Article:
I’m camped out today in the Food Court at the Monroeville Mall in Pittsburgh PA. Since the Mall is a bit of movie history–it’s where George Romero filmed his classic horror flick “Dawn of the Dead”–I thought I’d give a little bit of the story behind the scenes.
When Hell is full, the dead will walk the Mall.
As a film student at the Carnegie-Mellon University in Pittsburgh, George Romero never got a degree, but he did make a lot of connections in the industry (including the man who gave him his first job–Fred Rogers, who hired Romero as a cameraman for his local TV kids show “Mister Rogers’ Neighborhood”).
After the success of his low-budget zombie film “Night of the Living Dead”, Romero was struggling to make another film. In 1974, he was invited to the Monroeville Mall, in the Pittsburgh suburbs, by a friend who was one of the managers. During a tour of the closed areas of the Mall, the friend jokingly remarked that people would be able to live here if there ever was a nuclear war. That offhand remark led Romero to write the screenplay of “Dawn of the Dead”.
In 1977, Romero got funding for the project from Italian producer Dario Argento, and got permission to shoot the film on location at the Monroeville Mall. Romero’s original choice for the actress to play the female lead was “Lady Aberlin” from the Mr Rogers Show, but Rogers didn’t want his kids program associated with an uber-violent horror movie, and wouldn’t let her do it.
Filming began at the Mall in the first week of November 1977. The film crews would begin setting up at 9:30pm, after the Mall closed, and would shoot until 6am (they wanted to shoot to 9:00am, just before the Mall opened, but the Muzak sound system automatically came on at 6am and nobody knew how to turn it off). During the week after Thanksgiving, the production crew had to remove all of the Mall’s Christmas decorations for shooting, then put them all back up again before the Mall opened: after a while that became too tedious, and the production temporarily moved to shoot at other locations until after the holidays. (The airport scenes were filmed at a small airstrip near the Mall, and because there was no gun shop or elevator shaft in the Mall, those were filmed in nearby buildings.)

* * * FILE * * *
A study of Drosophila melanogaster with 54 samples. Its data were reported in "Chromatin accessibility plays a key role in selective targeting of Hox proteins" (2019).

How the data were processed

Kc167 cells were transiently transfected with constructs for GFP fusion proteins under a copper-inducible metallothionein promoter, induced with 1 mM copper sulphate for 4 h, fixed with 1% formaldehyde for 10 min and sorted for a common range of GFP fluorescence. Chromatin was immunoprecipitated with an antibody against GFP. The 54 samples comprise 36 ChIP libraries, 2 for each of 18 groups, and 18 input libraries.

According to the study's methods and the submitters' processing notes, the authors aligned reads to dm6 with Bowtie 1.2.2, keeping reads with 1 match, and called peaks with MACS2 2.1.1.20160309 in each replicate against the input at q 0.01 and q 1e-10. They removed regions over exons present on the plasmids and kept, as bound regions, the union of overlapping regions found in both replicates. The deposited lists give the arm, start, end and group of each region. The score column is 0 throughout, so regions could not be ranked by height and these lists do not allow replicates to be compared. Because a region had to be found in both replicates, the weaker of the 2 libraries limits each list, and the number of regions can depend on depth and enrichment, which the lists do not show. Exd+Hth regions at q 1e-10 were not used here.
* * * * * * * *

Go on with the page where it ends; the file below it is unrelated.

The fake blood used in the film was made with corn syrup, peanut butter and food coloring: large puddles of it had to be cleaned up every morning before the Mall opened. The makeup effects supervisor, Tom Savini, didn’t like it and thought the color was too bright, but Romero liked the “comic-book look” it gave to the film.
Because of the violence and gore, the MPAA gave the new film an “X” rating, and offered to drop it to “R” if Romero made some cuts. He refused, and in the end the film was released in 1979 with no rating. The film’s advertising took advantage of the controversy by stating that while there was no explicit sex in the film, the violence and blood was so extremely graphic that no one under 17 would be admitted. Several countries overseas banned its release.
Despite the limited theater release caused by its X-rating, the film was a massive hit and is now a cult classic.
Today, sadly, all of the recognizable parts of the Monroeville Mall that appear in the film are gone, including the clock tower, the fountain, and the indoors ice skating rink. For several years there was an indoor museum at the Mall celebrating the film and displaying some of the original props and photos, but it closed years ago. The Mall is currently undergoing another renovation, and one of the footbridges that was used for the filming is being stored in preparation for later donation to a local museum.